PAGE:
Willie Harris hit his first career grand slam to highlight a six-run sixth inning and added a two-run shot in the ninth to power the Washington Nationals to a 13-5 victory Friday over the Cubs.
"We got beat up today," Chicago manager Lou Piniella said. "What are you going to do? They came out and swung the bats after the fifth inning. They hit the ball all over the park, and out of it."
The Nationals won for only the second time in the past 14 games, and also posted the largest come-from-behind-win for any opponent against the Cubs this season, and the most runs. They are not to be overlooked, especially when the wind is blowing out.
"Guys are playing for next year, playing [the] spoiler, playing because they're competitive," Chicago's Mark DeRosa said. "You're not going to have guys in this league roll over. When you go to the plate, you want to have an at-bat -- you're not giving away at-bats.
"I don't care what your record is or what team you're on. They're big league ballplayers for a reason. They've got some guys who can swing the bat, and when the wind is blowing out, they got a ball up in the air and it changes the entire game."
The Cubs had opened a lead, aided by home runs by DeRosa and Derrek Lee, and some fancy footwork. In the first, Alfonso Soriano was at third and Lee at first with one out when Aramis Ramirez was called out on a check-swing strike. Lee broke for second, and catcher Wil Nieves threw there in an attempt to get him out. Lee was safe, and Soriano swiped home on the play.
Lee made it 2-0 with his 18th homer, and first since July 27, with one out in the third off John Lannan (7-12). Geovany Soto singled to lead off the fourth and set up DeRosa's homer, his 16th. DeRosa now has set personal highs in both home runs and RBIs (75). His previous bests were 13 homers and 74 RBIs, set in 2006 with Texas.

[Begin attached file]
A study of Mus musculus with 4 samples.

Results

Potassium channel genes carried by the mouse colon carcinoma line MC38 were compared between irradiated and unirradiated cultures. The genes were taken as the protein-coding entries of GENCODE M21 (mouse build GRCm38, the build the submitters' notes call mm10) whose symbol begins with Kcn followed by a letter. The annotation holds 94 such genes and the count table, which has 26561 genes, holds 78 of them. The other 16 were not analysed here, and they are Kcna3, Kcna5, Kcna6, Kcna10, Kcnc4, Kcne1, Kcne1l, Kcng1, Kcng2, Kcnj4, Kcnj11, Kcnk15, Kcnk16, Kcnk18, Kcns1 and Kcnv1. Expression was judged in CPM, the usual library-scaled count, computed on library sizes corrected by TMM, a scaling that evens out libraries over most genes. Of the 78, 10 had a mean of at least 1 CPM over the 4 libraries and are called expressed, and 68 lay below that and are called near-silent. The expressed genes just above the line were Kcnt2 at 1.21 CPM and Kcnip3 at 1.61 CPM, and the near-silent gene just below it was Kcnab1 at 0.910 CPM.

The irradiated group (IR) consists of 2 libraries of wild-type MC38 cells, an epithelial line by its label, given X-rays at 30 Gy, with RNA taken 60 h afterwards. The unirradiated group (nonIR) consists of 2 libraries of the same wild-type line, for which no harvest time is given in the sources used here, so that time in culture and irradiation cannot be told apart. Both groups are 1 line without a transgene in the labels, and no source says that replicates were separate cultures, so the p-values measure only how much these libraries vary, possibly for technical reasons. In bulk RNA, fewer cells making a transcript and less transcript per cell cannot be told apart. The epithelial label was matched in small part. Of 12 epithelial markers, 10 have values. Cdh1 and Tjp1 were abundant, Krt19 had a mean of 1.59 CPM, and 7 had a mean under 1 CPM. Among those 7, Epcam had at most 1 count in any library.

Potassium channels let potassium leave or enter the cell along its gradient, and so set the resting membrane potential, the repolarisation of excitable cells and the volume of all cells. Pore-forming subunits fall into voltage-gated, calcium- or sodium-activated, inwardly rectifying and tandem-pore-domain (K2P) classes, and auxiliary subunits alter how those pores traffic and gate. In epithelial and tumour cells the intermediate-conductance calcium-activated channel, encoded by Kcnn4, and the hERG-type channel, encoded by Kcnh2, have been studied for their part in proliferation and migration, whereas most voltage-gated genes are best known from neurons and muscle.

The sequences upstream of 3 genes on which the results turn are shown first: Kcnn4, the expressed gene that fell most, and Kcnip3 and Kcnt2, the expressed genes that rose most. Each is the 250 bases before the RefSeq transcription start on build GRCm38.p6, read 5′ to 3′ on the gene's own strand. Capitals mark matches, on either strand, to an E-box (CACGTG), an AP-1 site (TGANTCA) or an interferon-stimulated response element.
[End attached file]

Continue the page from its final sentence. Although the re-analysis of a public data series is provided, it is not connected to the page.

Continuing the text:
"I feel good at the plate," said DeRosa, who is batting .380 over his past 15 games, driving in runs in 11 of them. "It's one of those things -- when you're going good, you don't want to talk about it."
Cubs starter Jason Marquis, pitching on eight days' rest, was going pretty good, too, until the sixth. Emilio Bonifacio was safe on an infield single, and Marquis then walked both Cristian Guzman and Ryan Zimmerman to load the bases. Lastings Milledge hit a sacrifice fly and Ronnie Belliard hit an RBI double. Marquis was lifted, and Neal Cotts (0-2) walked pinch-hitter Austin Kearns to load the bases for Harris' slam.
"It turned quick," Lee said. "It seemed like we were cruising, and the next thing you know, we were fighting an uphill battle."
Cotts took his frustration out on a Gatorade cooler in the dugout, whacking it with his right hand.
"It happened," Cotts said of the game. "It's over with, and we'll get over it and come back tomorrow."
Harris, whose six RBIs matched his career high, was happy with the results, but not doing so against his former White Sox teammate. He and Cotts were together on the 2005 World Series championship team.
"Neal and I go way back," Harris said. "I consider him a friend. I have to do my job, too. If I could choose someone else, I would."
What happened to Marquis?
"I don't have an explanation for it," Piniella said.
"I felt pretty good throwing the ball," Marquis said. "I let it get away from me in that sixth inning. Pitch selection was a big part. I tried to make pitches and obviously wasn't able to make the adjustment."
Chad Gaudin served up six runs over the final two innings. The Cubs' bullpen had held opponents scoreless in eight of the previous 10 games prior to Friday, and had given up just four runs over 28 innings in that stretch.
"It just shows you that when the wind's blowing out here, anybody can be dangerous," Lee said. "You kind of had that feeling, even though we were up, 4-0, that you needed to score some runs, and we just weren't able to do it today.
"We still have the opportunity to win the series, and that's what we need to do."
Carrie Muskat is a reporter for MLB.com. This story was not subject to the approval of Major League Baseball or its clubs.